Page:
This coming Wednesday is Women’s Equality Day to commemorate the passing of the 19th amendment giving women the right to vote.
Those two sentences, there’s just so much to reckon with in just those two sentences. Beginning with the name - Women's Equality Day. First, in my most cynical moments, and this is one, it feels like a euphemism for Women’s Inequality Day. Secondly, due to our antiracist education, we are now woefully aware that the 19th amendment didn’t give all women the right to vote. Reading over this list of 35 black suffragists is enough material for an entire course, which it should definitely be. The invisibility of these women in the suffragist movement is not only insulting, it robs us all of the rich history of women in general.
While I was researching this subject, I found this great article from Time commemorating Representative Bella Abzug who was the champion of The Women's Equality Day. I didn’t know and maybe you didn’t either, that on August 26th, 1971, 50,000 women marched down 5th Avenue to celebrate the 50th anniversary of the 19th Amendment, granting American women the right to vote. In the article, Time notes that “they were also protesting the limits and expectations placed on American womanhood, demanding changes to childcare and abortion policies and education and employment opportunities.” Sound familiar? Fifty years goes by and access to reproductive healthcare, childcare, domestic violence and equal pay are still issues.
I know that many of the women that might be reading this are the primary breadwinners in their families. And many of us are the sole earners. But consider this, according to Payscale.com, which updated their Gender Pay Gap Report for 2020 in March, women earn up to $900K less than men over the course of a 40 year career. If that’s true, just think how much more peanut butter and jelly you could’ve bought for your kids, not to mention your student loans! And in the control group, where they’re controlling for men and women with the same job title and qualifications, a woman making a median annual salary of $60,700 in 2020, would need to work more than a year longer to earn the same as a man in his lifetime.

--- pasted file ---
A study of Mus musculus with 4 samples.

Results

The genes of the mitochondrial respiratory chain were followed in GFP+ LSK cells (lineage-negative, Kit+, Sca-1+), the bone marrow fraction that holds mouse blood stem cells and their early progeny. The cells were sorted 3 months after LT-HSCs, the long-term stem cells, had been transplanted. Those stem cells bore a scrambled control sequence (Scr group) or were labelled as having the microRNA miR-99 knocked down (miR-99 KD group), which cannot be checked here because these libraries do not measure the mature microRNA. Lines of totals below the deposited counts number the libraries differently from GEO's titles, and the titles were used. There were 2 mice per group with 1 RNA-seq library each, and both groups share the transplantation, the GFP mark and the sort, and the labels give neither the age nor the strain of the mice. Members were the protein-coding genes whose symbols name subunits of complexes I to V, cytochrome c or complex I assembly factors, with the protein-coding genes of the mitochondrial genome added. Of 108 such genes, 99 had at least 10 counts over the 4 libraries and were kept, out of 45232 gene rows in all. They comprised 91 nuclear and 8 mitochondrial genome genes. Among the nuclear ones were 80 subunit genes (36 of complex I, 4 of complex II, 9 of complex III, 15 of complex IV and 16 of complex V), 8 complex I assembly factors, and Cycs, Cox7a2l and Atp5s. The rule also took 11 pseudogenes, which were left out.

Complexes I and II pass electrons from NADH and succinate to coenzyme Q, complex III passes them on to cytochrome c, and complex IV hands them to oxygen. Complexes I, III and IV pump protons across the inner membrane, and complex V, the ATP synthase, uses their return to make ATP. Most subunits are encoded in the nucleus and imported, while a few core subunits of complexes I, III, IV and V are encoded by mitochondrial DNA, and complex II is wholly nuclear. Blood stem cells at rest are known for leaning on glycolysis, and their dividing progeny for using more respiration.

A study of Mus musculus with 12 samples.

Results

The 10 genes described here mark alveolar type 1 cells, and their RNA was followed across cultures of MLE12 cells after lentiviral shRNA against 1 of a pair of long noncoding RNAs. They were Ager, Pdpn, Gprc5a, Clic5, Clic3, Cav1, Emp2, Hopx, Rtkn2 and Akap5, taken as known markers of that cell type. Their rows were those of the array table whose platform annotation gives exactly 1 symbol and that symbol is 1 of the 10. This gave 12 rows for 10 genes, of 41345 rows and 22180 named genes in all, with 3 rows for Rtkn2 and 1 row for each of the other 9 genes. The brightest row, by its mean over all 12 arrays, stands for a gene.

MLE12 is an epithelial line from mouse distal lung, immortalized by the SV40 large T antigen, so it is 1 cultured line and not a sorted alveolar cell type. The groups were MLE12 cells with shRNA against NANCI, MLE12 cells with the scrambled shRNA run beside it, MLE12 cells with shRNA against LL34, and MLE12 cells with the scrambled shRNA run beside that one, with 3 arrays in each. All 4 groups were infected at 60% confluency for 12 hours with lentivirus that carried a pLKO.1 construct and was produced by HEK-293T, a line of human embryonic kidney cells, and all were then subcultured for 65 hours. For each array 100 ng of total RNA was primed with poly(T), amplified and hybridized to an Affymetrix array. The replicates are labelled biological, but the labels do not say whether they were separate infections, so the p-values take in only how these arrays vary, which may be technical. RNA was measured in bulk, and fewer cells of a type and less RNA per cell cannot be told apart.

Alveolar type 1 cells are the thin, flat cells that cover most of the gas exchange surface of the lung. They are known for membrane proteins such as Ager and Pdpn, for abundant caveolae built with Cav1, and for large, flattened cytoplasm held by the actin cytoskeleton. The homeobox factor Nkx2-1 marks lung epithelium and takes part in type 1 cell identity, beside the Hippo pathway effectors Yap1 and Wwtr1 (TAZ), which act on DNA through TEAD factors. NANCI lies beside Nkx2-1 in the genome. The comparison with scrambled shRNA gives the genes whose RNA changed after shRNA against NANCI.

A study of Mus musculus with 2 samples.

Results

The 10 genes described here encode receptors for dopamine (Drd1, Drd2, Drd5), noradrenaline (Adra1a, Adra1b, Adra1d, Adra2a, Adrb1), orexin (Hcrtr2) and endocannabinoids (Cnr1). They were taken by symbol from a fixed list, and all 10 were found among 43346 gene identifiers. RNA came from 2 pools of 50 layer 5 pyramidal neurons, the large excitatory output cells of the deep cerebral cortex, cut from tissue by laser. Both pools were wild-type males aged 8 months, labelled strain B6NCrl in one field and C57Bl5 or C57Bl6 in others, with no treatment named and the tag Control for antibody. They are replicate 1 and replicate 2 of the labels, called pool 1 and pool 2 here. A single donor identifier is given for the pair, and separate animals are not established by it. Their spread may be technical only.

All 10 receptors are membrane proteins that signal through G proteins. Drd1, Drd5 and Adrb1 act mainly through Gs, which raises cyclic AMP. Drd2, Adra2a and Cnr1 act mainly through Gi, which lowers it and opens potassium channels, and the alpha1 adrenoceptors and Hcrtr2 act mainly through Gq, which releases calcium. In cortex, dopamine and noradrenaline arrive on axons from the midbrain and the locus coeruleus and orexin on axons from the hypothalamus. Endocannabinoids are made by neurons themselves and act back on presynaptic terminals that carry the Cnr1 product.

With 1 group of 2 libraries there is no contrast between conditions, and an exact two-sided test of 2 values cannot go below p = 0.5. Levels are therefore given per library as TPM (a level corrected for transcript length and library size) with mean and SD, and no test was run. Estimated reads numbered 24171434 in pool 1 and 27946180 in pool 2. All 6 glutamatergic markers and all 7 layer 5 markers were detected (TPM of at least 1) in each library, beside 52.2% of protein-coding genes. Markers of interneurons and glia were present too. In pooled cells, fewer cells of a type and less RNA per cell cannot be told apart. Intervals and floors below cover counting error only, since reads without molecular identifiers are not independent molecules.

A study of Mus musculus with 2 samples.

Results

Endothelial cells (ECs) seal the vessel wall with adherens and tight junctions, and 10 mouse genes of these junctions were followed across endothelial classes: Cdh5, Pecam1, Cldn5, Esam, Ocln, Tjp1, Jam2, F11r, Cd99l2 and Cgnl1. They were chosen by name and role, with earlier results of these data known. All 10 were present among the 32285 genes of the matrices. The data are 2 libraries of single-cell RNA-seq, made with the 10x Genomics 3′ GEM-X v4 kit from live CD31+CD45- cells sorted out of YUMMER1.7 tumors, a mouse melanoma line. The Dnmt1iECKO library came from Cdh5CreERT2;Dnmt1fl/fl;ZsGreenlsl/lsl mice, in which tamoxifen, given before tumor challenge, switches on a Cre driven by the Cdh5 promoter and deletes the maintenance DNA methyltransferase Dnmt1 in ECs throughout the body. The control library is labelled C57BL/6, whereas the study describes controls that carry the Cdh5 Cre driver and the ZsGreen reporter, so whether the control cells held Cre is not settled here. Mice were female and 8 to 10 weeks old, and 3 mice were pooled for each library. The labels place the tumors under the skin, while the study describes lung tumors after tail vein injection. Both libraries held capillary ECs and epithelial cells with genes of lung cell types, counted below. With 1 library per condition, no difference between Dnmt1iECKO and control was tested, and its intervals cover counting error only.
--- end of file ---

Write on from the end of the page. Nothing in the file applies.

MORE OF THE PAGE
Oh, it’s better. And I often think that we have 45 to thank. Apparently, there’s nothing like having a pussy grabbing, child molesting, antifemisit in the White House to catalyze women into running for office. Huzzah!
Ultimately, in my opinion, while Women’s Equality Day at it’s inception was to commemorate our right to vote, by its very name August 26th is actually celebrating the possibility of equality for women. That includes equal pay, equal opportunity, strong options for childcare, strong advocacy around domestic violence, and of course, freedom of choice around reproductive healthcare. Put that all together and Women’s Equality Day is all about unfettered access to our dreams! What’s so exhilarating about Kamala Harris as the VP nominee is that she personifies a woman achieving her dreams. An ambitious woman!
How can women support each other in achieving their dreams? Vote for women!
All that is to say that it’s now been 100 years since the 19th amendment was signed into law, and we’re still nowhere near full representation in our government - federal, state or local. So many women have worked so hard for the last 100 years - here’s what you can do now to honor them:
Pick a women candidate and volunteer or donate to her campaign
Make sure all your peeps are registered to vote
Adopt a battleground state via Vote Save America.
If you’re mailing in your vote, do so as soon as possible and no later than October 2nd - mark it on your calendar, ladies!